As my investigation into the Peterborough plane crash continues, it’s increasingly apparent that no government agency wants to answer any questions.
I shared a video last week detailing my researching the August incident wherein a young Muslim man stole a plane from a Markham airport, and, without training or experience, flew it to Peterborough before crashing it near a mall.
An early investigative report, which I obtained under Access to Information provisions, revealed that the government hadn’t retrieved data from the plane’s on-board GPS. I was told by a representative of the Transportation Safety Board of Canada that this had since changed, but such a change wasn’t included in the ATIP, and no one was prepared to tell me what, if anything, was found.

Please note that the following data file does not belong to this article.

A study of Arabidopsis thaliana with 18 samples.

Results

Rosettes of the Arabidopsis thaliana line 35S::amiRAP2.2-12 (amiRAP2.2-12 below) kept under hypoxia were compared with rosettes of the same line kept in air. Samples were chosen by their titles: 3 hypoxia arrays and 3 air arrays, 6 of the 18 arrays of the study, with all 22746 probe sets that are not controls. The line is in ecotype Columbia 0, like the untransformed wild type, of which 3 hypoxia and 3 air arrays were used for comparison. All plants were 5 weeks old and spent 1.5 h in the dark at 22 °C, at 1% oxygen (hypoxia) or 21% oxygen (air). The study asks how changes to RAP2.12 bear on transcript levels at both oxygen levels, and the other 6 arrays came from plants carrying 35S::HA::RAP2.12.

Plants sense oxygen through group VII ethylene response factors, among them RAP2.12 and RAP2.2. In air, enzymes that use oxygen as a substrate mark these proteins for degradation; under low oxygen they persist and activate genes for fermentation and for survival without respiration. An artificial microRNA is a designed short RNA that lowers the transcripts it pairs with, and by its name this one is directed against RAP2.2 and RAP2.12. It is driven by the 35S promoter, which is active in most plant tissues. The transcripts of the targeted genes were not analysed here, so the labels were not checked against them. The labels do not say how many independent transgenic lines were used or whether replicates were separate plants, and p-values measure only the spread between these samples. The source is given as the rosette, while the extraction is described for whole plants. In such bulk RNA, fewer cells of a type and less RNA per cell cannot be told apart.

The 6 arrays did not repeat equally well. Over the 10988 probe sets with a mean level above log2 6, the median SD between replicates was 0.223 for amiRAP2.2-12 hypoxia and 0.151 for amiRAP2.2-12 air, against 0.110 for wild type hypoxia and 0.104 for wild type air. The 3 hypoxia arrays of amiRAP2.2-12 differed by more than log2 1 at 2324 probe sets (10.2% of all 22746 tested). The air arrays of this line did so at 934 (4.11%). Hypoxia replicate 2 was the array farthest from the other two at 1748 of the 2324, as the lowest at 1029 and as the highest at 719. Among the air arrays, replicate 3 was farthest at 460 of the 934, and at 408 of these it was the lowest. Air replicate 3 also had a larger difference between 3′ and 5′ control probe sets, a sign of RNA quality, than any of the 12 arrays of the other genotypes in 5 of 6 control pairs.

An investigator with the TSB told me to contact the RCMP.
A media relations corporal with the RCMP sent me a press release from August, which didn’t address the GPS question. When I followed up, she emailed me telling me that I needed to get the information from Transport Canada—the parent department of the TSB—rather than the RCMP.
I followed up with Transport Canada, who told me, again, to speak to the RCMP.
Being a glutton for punishment, I did, indeed, go back to the RCMP with this information—even forwarding the email from the Transport Canada official saying that Canada’s national police agency was responsible for giving me the information—and was told, yet again, that my answer lay with Transport Canada.
When I circled back to the transportation agency, I received no response.
No wonder the terrorists win.
It’s easy to roll one’s eyes at bureaucracy in action, but it becomes less funny when one realizes that these are the people tasked with actually getting to the bottom of what happened during this—and other similar events.